Academics & Research

College of Education dropped from rankings

U.S. News & World Report pulled the University of Houston’s College of Education from the magazine’s 2013 Best Graduate Schools because of the University’s over-reporting of research expenditures in 2011.

According to the magazine, the amount spent on research is a significant component when it comes to ranking a particular program in a college or university. Through this way, a school can offer a wide variety of programs and services to the students. U.S. News and World Report measures financial resources by using the average spending per student on instruction, research, student services and related educational expenditures.

Representatives of the college say the error was regretful and unintentional. The person filling out the report provided an accurate number for aggregate expenditures, but the magazine asked for annual expenditures. Both the aggregate and annual data were on the same page.

“It’s simply a case of the person pulling the number from the wrong line. The correct figure should have been $3.5 million for annual research expenditures. The $13.4 million figure is aggregate research expenditures over multiple years,” said Shawn Lindsey, assistant director of media relations.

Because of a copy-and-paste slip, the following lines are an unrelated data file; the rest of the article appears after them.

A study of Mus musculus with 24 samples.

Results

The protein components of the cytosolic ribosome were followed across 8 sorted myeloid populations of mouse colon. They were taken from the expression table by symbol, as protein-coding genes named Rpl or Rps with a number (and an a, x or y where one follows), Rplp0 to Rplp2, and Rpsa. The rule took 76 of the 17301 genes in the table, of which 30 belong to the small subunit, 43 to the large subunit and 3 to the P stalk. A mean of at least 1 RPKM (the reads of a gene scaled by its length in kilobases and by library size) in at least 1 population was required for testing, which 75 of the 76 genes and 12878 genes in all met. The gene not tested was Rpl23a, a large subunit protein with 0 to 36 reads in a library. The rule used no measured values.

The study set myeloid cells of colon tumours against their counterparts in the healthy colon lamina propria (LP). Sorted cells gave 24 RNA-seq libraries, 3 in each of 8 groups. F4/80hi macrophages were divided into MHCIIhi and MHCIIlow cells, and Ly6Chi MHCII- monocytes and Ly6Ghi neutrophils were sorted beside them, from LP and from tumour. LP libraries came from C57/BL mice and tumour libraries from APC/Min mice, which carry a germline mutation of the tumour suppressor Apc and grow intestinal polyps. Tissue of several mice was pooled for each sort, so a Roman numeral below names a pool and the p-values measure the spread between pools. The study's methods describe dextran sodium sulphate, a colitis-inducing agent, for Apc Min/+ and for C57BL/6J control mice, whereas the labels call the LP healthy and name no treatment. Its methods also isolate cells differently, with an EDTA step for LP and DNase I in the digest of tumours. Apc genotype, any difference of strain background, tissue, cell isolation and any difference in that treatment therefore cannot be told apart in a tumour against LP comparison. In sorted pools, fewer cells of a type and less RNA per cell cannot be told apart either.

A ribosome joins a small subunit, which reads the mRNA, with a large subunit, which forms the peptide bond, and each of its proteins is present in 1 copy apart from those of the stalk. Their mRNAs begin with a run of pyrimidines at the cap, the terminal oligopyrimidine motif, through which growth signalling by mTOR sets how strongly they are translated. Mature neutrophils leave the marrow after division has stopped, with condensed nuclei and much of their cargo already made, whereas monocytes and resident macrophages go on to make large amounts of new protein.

When the college representatives found out about the error, they immediately reported the mistake.

In order for a University to reach the goal of Tier One status, it has to produce top-notch programs that are nationally ranked.

The amount of money spent on research is what sets Tier One universities apart from other institutions.

U.S. News and World Report is a premier magazine for high school seniors to view when selecting colleges.

The removal of the ranking can have an impact on future students and other institutions that are also ranked.

“If the college was removed from the rankings due to the reporting error, I would hate for it to become a disincentive for other institutions to do the right thing and self-report similar errors.

“We feel bad about the mistake, but are confident the college did the right thing by reporting it,” Lindsey said.

The College of Education has put controls in place to make sure that all self-reported data is double-checked for accuracy before submission.

UH is not the only college that misreported its information, however.

In the same magazine, University of St. Thomas law school in Minneapolis, Minn. was stripped of its ranking when the school misreported graduate employment data.

Instead of recalculating the data, U.S. News and World Report moved the law school to an unranked category, just like it did with the UH College of Education.